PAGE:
Report: Healthcare Uninsurance Rate Held Steady During Pandemic

Public insurers such as Medicaid, especially in states that expanded coverage under the ACA, kept people insured.

The number of people covered by employer-based insurance dipped because of COVID-19 related layoffs, but public insurers such as Medicaid kept people insured, according to a report released earlier this month by Urban Institute.

The Institute’s Health Monitoring Survey focused on changes in coverage across three surveys: March 2019; March/April 2020, just after the pandemic caused a steep decline in employment; and April 2021, more than one year after the secretary of health and human services declared a national public health emergency.

Between March 2019 and April 2021, the share of nonelderly adults reporting employer-sponsored insurance coverage declined from 65% to 62.3%, a decrease of about 5.5 million adults. But the national uninsured rate was steady at about 11%.

Keeping people insured was Medicaid, especially in states that expanded coverage under the Affordable Care Act (ACA).

In total, the share reporting public coverage increased from 13.6% to 17.5% percent, an increase of about 7.9 million adults. In Medicaid expansion states, the uninsurance rate was near 8% across all three study years. In nonexpansion states, the uninsurance rate was higher in 2021 (18.2%) than in 2020 (16.5%) and 2019 (17.2%). People living in states that did not expand Medicaid under the ACA were more than twice as likely as those living in expansion states to be uninsured in 2021.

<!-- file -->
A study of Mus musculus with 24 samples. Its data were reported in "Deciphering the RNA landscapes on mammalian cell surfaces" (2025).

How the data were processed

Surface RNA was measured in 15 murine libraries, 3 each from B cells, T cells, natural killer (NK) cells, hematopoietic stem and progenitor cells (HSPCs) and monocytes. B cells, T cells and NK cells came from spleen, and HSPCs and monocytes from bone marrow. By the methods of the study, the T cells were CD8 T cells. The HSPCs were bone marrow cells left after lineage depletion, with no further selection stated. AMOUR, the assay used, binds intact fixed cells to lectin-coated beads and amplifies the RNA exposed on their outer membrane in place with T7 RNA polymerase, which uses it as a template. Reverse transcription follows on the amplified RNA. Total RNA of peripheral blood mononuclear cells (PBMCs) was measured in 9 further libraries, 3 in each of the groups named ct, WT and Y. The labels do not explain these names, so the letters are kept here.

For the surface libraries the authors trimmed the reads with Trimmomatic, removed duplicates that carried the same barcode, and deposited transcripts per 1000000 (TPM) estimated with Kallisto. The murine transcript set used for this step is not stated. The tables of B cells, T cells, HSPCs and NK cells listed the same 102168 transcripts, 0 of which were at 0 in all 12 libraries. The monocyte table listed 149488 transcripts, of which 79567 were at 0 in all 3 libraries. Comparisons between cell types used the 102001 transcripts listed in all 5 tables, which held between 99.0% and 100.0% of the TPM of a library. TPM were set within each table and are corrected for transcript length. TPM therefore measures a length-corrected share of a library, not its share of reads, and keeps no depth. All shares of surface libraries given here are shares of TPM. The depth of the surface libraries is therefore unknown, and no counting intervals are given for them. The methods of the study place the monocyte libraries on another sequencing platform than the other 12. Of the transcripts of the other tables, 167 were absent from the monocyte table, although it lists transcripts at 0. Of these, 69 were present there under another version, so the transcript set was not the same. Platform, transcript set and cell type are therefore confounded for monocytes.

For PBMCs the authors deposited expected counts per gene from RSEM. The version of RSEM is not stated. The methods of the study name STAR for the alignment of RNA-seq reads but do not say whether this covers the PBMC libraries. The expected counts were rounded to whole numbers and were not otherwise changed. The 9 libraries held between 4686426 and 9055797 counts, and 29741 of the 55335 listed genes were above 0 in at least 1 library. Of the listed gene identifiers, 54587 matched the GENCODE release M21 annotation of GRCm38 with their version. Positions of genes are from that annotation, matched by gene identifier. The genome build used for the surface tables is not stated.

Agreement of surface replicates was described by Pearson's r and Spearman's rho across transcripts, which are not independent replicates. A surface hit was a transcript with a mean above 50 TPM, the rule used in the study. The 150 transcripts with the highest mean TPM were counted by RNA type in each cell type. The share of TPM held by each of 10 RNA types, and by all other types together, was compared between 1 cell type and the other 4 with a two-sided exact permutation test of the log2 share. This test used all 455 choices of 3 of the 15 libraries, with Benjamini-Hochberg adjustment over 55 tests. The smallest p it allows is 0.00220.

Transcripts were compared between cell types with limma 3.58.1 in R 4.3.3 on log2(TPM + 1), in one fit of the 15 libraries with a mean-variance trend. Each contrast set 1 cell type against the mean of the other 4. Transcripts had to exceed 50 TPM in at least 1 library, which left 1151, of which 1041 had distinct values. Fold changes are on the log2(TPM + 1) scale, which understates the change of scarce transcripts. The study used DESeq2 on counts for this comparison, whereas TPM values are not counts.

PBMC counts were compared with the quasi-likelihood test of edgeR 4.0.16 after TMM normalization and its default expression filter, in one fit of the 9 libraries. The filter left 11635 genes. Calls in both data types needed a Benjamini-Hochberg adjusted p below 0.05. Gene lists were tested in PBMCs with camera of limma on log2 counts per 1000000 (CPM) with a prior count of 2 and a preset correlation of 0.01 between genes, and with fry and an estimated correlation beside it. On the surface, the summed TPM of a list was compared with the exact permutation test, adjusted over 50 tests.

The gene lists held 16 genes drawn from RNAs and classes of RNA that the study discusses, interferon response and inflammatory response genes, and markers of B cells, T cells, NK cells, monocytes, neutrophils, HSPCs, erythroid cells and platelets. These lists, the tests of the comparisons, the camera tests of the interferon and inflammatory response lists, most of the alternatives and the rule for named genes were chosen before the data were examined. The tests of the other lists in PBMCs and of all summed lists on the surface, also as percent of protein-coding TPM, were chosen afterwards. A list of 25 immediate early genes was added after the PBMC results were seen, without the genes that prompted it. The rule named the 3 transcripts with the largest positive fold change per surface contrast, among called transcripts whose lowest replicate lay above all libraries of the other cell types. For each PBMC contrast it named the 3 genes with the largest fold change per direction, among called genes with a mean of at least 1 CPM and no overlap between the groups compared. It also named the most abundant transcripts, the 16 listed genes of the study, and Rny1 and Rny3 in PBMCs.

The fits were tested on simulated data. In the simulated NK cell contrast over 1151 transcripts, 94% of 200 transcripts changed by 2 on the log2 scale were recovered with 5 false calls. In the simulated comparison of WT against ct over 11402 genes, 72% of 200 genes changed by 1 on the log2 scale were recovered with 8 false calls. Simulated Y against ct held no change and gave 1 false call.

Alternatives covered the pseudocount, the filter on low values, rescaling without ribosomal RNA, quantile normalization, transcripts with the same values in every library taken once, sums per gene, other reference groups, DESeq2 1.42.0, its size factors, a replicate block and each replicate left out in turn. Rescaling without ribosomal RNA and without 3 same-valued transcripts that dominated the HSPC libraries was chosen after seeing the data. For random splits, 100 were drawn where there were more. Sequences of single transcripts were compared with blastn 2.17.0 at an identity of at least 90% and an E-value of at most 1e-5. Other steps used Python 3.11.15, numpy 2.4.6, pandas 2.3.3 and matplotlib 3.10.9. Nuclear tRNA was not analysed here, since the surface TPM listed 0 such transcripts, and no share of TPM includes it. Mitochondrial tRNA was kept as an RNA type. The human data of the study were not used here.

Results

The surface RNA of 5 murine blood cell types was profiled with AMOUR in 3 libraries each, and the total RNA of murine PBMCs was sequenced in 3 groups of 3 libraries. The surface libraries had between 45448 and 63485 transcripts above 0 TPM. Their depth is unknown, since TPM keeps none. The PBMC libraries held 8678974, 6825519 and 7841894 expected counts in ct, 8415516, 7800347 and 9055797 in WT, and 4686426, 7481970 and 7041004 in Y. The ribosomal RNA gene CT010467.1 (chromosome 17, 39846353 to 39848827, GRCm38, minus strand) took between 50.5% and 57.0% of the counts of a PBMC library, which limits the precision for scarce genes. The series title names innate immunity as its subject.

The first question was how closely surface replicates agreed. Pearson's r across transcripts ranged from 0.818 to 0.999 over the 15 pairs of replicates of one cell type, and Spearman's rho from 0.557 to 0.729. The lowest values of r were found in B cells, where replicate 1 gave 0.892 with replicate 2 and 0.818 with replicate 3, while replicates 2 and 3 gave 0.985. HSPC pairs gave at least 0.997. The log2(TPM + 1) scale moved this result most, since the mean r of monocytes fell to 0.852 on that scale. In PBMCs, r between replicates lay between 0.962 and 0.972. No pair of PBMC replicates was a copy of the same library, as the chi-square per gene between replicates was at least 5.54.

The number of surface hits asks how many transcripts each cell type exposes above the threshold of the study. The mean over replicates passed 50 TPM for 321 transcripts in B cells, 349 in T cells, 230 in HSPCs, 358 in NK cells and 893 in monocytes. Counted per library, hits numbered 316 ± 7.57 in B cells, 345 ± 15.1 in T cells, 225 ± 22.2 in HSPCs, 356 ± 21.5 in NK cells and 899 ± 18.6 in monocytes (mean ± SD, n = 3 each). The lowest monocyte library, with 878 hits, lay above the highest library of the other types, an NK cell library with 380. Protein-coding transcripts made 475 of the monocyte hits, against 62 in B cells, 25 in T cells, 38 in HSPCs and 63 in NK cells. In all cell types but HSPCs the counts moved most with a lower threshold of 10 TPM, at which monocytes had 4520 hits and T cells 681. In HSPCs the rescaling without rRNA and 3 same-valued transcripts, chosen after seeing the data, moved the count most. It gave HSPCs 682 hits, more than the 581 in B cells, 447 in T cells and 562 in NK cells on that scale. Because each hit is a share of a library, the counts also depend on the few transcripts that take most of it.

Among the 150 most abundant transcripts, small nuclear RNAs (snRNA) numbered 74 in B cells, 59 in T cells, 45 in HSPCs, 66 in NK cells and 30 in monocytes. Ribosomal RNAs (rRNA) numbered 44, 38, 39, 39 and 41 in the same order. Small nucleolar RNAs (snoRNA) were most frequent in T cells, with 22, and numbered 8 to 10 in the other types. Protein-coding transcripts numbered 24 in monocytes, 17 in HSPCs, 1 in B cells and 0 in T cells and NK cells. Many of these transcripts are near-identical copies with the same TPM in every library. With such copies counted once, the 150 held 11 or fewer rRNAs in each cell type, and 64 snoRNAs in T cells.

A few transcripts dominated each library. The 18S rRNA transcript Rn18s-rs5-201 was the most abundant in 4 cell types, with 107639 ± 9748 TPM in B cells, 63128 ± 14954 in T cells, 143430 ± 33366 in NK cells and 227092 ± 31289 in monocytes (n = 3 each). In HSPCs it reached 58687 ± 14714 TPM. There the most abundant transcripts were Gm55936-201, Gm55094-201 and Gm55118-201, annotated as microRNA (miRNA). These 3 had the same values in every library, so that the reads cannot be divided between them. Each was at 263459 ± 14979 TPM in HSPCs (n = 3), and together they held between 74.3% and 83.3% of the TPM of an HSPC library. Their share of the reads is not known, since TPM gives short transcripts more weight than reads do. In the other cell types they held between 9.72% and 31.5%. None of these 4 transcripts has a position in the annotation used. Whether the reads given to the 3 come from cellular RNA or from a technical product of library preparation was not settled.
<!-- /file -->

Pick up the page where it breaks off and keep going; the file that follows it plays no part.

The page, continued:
Those most likely to lose employer-based insurance were those with low and moderate incomes. Among adults with incomes at or below 138% of the federal poverty level, the share reporting public coverage increased from 54.6% to 62.9% in Medicaid expansion states and from 30.4% to 37.3% in nonexpansion states between 2019 and 2021.

The growth in public coverage reflects several factors, the authors said, including expanded Medicaid eligibility under the ACA and the stopping efforts to remove people from Medicaid under the Families First Coronavirus Response Act, which was a temporary law under the Family and Medical Leave Act to provide emergency lead during the pandemic. This law was set to expire in December 2020, but was first extended to March 31, 2021 and then further extended to September 20, 2021.

The Families First Coronavirus Response Act has provided all states with a temporary increase in federal matching funds for Medicaid beneficiaries not in the ACA Medicaid expansion population.